Folk Show
9:50 pm
Wed January 25, 2012

NHPR Folk Show Playlist 1.22.12

Song/Artist/Album/Label

Sweet Afton/Nickel Creek/Nickel Creek/Sugar Hill

Hit 'em up style/Carolina Chocolate Drops/Genuine negro jig/   

Someday Soon/ David Wilcox/The FolkScene Collection/Red House Records

See Me Now/Meg Hutchinson/The Living Side/Red House Records

Fashioned In The Clay/Susie Burke And David Surette/When The Small Birds Sweetly Sing/Madrina Music

Slave's Lament/Atlantic Crossing/Wind Against the Tide/Atlantic Crossing

The Loving Kind/Nanci Griffith/Songs From Sing Out! V.53#4/www.singout.org

5:49 pm
Wed January 25, 2012

House Hears Bill To Allow Students To Drop Any Class

The New Hampshire House is considering a plan to allow students replace any two public school courses with courses designed and taught by a parent or their designee. 

Under the bill, schools couldn’t veto subjects or teaching methods of parents but would have to grant students credits toward graduation. The measure’s sponsor, JR Hoell of Dunbarton, says the proposal affords parents a needed bit of freedom.

“Parents are taking a greater role in overseeing the academic progress of their children; the school system is taking a reduced role.”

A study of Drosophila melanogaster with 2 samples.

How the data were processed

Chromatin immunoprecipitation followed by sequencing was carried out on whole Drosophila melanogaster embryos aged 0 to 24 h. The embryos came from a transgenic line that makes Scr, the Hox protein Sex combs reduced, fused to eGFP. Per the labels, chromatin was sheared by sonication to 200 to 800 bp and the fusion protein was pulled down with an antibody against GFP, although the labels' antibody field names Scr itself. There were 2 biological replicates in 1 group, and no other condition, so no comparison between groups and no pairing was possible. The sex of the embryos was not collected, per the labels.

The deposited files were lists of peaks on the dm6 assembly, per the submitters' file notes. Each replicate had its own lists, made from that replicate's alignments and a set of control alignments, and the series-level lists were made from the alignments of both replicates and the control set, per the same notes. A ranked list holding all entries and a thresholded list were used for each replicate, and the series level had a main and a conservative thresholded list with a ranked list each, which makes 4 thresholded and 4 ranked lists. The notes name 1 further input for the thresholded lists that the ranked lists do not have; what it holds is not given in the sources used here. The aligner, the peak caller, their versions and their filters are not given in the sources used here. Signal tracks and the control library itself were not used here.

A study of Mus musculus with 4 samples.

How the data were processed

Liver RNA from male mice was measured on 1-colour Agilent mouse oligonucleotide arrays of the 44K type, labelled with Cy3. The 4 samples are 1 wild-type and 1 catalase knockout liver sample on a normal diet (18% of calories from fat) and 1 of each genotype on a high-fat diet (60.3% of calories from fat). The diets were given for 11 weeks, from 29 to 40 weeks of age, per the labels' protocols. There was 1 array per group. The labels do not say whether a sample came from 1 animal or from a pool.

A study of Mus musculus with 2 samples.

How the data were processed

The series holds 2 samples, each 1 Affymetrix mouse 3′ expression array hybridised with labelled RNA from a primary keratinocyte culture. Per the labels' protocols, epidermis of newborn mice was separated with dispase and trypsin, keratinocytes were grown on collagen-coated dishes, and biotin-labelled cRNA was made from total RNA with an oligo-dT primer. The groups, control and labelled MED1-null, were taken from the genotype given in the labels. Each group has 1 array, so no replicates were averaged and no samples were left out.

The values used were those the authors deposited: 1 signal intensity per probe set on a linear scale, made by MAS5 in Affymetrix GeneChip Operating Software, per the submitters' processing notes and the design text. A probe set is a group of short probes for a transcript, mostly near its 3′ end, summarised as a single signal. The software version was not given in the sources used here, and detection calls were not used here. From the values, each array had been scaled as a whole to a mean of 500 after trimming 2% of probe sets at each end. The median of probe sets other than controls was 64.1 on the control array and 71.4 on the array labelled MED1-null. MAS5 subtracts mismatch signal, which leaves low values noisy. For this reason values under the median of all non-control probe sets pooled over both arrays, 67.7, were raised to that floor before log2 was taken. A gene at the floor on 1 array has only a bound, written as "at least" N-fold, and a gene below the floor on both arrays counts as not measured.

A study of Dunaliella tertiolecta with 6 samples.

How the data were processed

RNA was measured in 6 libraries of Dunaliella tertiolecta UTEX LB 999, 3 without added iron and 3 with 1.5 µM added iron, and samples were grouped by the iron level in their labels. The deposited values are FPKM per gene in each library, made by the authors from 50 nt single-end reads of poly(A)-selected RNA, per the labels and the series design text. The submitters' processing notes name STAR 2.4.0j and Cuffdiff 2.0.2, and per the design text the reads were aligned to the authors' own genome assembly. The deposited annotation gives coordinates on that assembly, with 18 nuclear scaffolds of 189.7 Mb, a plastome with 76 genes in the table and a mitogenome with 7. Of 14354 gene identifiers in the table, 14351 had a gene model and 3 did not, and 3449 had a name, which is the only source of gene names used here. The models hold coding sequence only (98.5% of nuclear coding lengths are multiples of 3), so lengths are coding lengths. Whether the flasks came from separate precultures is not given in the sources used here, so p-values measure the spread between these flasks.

NH News
5:09 pm
Wed January 25, 2012

Senate Passes Tighter Eminent Domain Rules

The New Hampshire Senate has voted to strengthen the rules for taking private property by eminent domain. But there are questions as to what the wording of the final Senate bill really means.

Mark McCulloch lives in North Stratford, way up North on the Vermont-New Hampshire Border.

His house is smack in the middle of the route for the hydro-electric transmission project, Northern Pass, the 180 mile transmission line that would bring electricity from Canada to New England.


Unlike some other parts of New Hampshire, it’s hard to capture an overarching picture of the Monadnock region through economic and demographic information.  In fact, looking at US Census numbers, both Cheshire and

The Merrimack Valley follows the Merrimack River, straddling part of southern New Hampshire and a swath of northeast Massachusetts, including the cities of Lowell, Haverhill, and Lawrence.  Residents on both sides of the border refer to their areas as “the Merrimack Valley,” but technically the Massachusetts side is considered the “Lower Merrimack Valley,” while the New Hampshire portion is the “Upper Merrimack Valley” (not to be confused with the “Upper Valley” in the Dartmouth-Sunapee region).

At 18 miles long, New Hampshire has the shortest shoreline in America.  But for centuries, this small strip of land has been the heart of the state’s Seacoast region.

Measuring around 18 miles long, New Hampshire has the smallest shoreline of all coastal states.  But for about 400 years, it’s been enough to support small boat fishermen in the Seacoast region.  They make their livings cruising New England’s waters for cod, lobster, shrimp and other stocks.

Some Facts About New Hampshire’s Infrastructure:

New Hampshire has approximately 17,000 miles of state and town roads, turnpikes and interstate highways. There are 3,795 bridges in the state. As of 2010, the New Hampshire Department of Transportation plowed more than 800 lane miles of roads and put down 180,000 tons of salt for snow and ice control annually.